Officials of Powys County Council in the UK report that two strains of viruses have struck the council's PC network. The problems came into light during the 4th week of April 2009; nevertheless, there has been no loss of important data, according to the officials.

According to reports, the officials at the council still do not know from where the attack has originated. In fact, the attack has affected laptops and personal computers at the countrywide offices.

Elaborating on the effects of the viruses, Sarah Millington, the Councilor, stated that when the virus had infected her office laptop, her machine had started to run at a much slower pace than usual, as reported by shropshirestar on May 1, 2009. Millington further said that she didn't believe that her problem was as severe as that of some others. Some staff members' computers virtually stopped working for some part of the week, but they soon recovered and were functioning normally, she added.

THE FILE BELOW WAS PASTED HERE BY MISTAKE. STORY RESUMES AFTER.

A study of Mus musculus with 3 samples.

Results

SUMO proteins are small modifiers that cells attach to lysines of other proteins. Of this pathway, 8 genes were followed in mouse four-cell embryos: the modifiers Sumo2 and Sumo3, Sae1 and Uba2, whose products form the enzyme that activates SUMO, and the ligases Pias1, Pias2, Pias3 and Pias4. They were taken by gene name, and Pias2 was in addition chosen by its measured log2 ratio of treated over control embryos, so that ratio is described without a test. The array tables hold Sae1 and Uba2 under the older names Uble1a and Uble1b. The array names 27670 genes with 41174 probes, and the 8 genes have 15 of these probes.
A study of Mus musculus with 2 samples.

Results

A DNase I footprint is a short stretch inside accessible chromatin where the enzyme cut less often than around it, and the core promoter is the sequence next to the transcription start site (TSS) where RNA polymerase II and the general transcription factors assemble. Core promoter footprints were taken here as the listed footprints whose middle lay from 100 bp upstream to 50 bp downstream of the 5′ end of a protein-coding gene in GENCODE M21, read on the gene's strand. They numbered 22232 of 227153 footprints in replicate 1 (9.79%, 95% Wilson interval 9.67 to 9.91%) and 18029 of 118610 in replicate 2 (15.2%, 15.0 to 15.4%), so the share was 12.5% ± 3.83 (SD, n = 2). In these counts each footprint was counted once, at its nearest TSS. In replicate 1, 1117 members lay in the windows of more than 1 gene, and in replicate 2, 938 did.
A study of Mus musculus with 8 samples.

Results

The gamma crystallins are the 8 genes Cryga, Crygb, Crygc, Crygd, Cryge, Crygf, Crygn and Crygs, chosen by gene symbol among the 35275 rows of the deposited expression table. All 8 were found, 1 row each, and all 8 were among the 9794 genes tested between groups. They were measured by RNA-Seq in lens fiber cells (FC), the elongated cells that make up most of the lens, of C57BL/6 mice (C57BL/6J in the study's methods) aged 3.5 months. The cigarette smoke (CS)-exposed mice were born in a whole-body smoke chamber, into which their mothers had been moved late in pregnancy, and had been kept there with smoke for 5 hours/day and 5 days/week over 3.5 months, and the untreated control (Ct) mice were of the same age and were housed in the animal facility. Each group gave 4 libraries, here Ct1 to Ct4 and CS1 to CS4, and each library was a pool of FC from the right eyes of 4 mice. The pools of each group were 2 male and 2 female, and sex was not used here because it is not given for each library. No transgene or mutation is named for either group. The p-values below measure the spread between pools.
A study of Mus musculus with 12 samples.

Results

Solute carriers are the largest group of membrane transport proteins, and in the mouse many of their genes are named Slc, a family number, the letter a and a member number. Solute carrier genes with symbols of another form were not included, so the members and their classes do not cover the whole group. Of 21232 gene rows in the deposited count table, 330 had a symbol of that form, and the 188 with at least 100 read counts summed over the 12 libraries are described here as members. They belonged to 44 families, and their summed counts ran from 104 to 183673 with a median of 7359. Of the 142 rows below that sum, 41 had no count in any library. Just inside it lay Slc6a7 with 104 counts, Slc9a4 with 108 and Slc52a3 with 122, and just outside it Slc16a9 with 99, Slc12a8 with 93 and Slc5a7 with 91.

Besides, the council further stated that the viruses had caused great inconvenience and disrupted the regular work of several office staff. The virus was believed to have affected programs like Microsoft Excel, Word and Adobe Flash.

Nevertheless, in spite of the attack, staff members have been operating their e-mail accounts as well as accessing the other IT systems at the offices without difficulty, a spokesman of the council said.

He also said that as many as 500 complaints related to the virus had been lodged with the IT security experts of the council, as reported by BBC on April 30, 2009.

However, the experts noted that the PCs were now successfully fixed and that they were brought back to their original operating conditions.

Meanwhile, virus outbreaks against the government computers as well as other websites in the UK have been rapidly increasing, according to security experts. The current attack is therefore not the only such incident in the UK.

In 2008, the Asprax PC virus infected many British consumer and government websites, exposing users to harmful hacking assaults. The websites affected included those that the British National Health Service and around 12 councils of the local government operated.